Varese Sarabande's Sondheim at the Movies is a must-buy because, in addition to its enjoyable survey of Sondheim's film work, it includes four never-before-recorded songs, and if they're not major additions to the canon, they're more than just curiosities. From the unproduced movie Singing Out Loud, we've had a couple of recordings of "Water Under The Bridge" (Liza Minnelli, Debbie Gravitte), but the two songs here--"Dawn" and "Sand"--are quite fun and make one wish that this movie about the making of a movie musical had been made. From The Birdcage, there is one unused song (the lively, trashy "It Takes All Kinds") and one heard only briefly in the film but in full here.
Otherwise, the program has four from Dick Tracy, "The Glamorous Life" created for the A Little Night Music movie (but integrated into the stage song in the recent Royal National Theatre production), three orchestral suites from the haunting Stavisky background score, and the main theme from Reds. The program is completed by the four superb songs from the 1967 made-for-TV film Evening Primrose, previously recorded by Mandy Patinkin and Bernadette Peters for Patinkin's "Dress Casual" disc. Here, they're done by the excellent Liz Callaway and the oddly chosen Gary Beach, a fine character singer in a young leading man part.
The Los Angeles S.T.A.G.E. benefits for AIDS charities have been held annually for 13 years, and thus far three of them have been issued on disc: DRG's Harold Arlen set, MCA's Gershwin compilation, and Varese Sarabande's recently released 1997 Cole Porter salute. Now Varese has released "Sondheim: A Celebration", a double-CD set of the 1996 S.T.A.G.E. event, the third one that the series has devoted to the work of Stephen Sondheim. While the actual concert ran well over three hours, the CDs run 125 minutes; among the missing on disc are Joanna Gleason (who sang the Reds theme "Goodbye For Now"), Betty Garrett, Charlotte Rae, and Paul Sand. Among those preserved here, I especially enjoyed Sally Mayes in "Everybody Loves Louis"; David Cassidy choosing not to alter the lyric "I always get my man" in "Sooner or Later"; Joan Ryan's "There Won't Be Trumpets"; the Forever Plaid cast's amusing take on "The Ballad of Sweeney Todd" ("What the heck is a lavabo?"); and, in a class by itself, Glynis Johns' still devastating "Send in the Clowns."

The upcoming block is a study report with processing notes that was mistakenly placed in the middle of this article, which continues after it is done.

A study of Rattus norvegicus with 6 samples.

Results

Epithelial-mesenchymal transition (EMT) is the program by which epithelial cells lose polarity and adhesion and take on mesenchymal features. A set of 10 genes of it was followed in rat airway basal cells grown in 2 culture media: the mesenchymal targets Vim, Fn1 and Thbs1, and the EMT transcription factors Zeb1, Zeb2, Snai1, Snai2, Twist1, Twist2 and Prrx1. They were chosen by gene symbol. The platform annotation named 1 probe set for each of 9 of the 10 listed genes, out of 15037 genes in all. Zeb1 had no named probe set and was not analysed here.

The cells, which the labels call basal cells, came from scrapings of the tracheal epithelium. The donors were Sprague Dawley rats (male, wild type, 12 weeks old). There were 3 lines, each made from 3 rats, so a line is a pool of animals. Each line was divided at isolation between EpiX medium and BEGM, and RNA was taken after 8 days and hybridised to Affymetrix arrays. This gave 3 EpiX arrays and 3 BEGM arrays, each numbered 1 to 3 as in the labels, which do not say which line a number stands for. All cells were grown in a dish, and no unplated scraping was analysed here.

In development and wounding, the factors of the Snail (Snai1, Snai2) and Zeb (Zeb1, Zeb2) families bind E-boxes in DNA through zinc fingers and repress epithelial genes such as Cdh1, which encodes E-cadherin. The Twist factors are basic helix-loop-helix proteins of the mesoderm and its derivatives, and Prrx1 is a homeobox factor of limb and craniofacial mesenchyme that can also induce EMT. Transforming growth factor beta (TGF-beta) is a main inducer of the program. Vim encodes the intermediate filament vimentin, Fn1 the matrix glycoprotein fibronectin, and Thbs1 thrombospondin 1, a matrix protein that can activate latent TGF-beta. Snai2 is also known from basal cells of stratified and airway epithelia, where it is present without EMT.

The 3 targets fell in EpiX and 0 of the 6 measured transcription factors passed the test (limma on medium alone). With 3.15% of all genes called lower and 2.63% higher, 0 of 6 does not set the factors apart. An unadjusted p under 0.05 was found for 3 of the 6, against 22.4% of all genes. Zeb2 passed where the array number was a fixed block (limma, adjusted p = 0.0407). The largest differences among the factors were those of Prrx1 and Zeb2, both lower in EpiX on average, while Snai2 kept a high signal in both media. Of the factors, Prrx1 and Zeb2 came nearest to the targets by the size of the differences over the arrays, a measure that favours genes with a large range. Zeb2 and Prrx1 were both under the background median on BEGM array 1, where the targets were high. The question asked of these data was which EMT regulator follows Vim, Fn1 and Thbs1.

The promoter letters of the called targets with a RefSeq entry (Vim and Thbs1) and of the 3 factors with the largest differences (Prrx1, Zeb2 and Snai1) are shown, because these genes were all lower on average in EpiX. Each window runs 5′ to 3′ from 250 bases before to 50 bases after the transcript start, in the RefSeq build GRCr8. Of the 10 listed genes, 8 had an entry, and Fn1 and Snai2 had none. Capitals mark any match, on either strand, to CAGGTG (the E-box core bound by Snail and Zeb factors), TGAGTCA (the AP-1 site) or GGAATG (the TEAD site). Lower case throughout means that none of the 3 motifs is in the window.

There are a number of other enjoyable tracks here that are rather visual in their appeal: Michael Jeter in full maid's drag for "Everybody Ought To Have A Maid"; David, Patrick, and Shaun Cassidy in the original Michael Bennett "You Could Drive A Person Crazy" choreography; the great Susan Johnson's "Who's That Woman?," during which she gradually and shockingly removed make-up and wig (although in ill heath, Johnson still sounds pretty good); Patrick Cassidy and Joely Fisher in a franker-than-usual "Barcelona"; an abridged "Someone In A Tree," with original Broadway Boy Gedde Watanabe now singing the Old Man; and Carole Cook, accompanied by two muscle men and one nerd for "Can That Boy Foxtrot?" (most of Cook's very politically incorrect monologue has been cut from the recording, although you will hear her making irreverent fun of the lyric signer).
Having seen several of these S.T.A.G.E. benefits, which heavily feature L.A.-based performers who mean more to those in attendance than to outside listeners, I can attest that they are more fun to witness than to hear on disc, and that the unevenness of the performances is more acceptable as part of the overall event. Even so, there is enough to enjoy here.
Twenty years after the American premiere of the hit London revue Side By Side By Sondheim, the original West End and Broadway trio of singers from that show--Julia McKenzie, David Kernan, and Millicent Martin--were reunited in the studio to record a new Sondheim program. Released by Carlton Sounds, it's also called "Sondheim: A Celebration" (both "Sondheim: A Celebrations" albums are, of course, not to be confused with "Sondheim: A Celebration at Carnegie Hall").
With a couple of holdovers from Side By Side, the new set reflects the Sondheim that followed that show, with songs from Sweeney Todd, Into The Woods, and Dick Tracy. "Could I Leave You," sung in Side By Side by Kernan, is here performed by McKenzie, while Kernan's traditionally-female number here is "The Ladies Who Lunch." McKenzie reprises her Follies song "In Buddy's Eyes."
It's fun to hear the performers--great friends on stage and off--together again, and McKenzie and Kernan still sound good. Martin was a terrific musical star in such '50s/'60s West End shows as Expresso Bongo, The Crooked Mile, and Our Man Crichton. But she may have sung herself out in Side By Side, because her voice was never the same thereafter. While she was still okay in King of Hearts in 1978, she was in trouble during her '80s Broadway run in 42nd Street; by the time she replaced Diana Rigg in the London Follies in 1988 (playing opposite McKenzie), her voice was in utter disrepair, and she has since concentrated on straight plays. On the new disc, she sings very carefully (without really sustaining any notes), and gets by in "Liaisons" (which can be talk-sung), "Uptown, Downtown," and "By The Sea." But shouldn't the latter, as well as "Not While I'm Around" (which Kernan does), have gone to McKenzie, who triumphed in the Royal National Theatre Sweeney Todd but only preserved the role on radio?
The next Sondheim releases: The original London cast album of Passion (First Night, starring Michael Ball and Maria Friedman, and recorded live in concert some time after the production closed), and TER's studio cast of Anyone Can Whistle, with Maria Friedman, Julia McKenzie, and John Barrowman.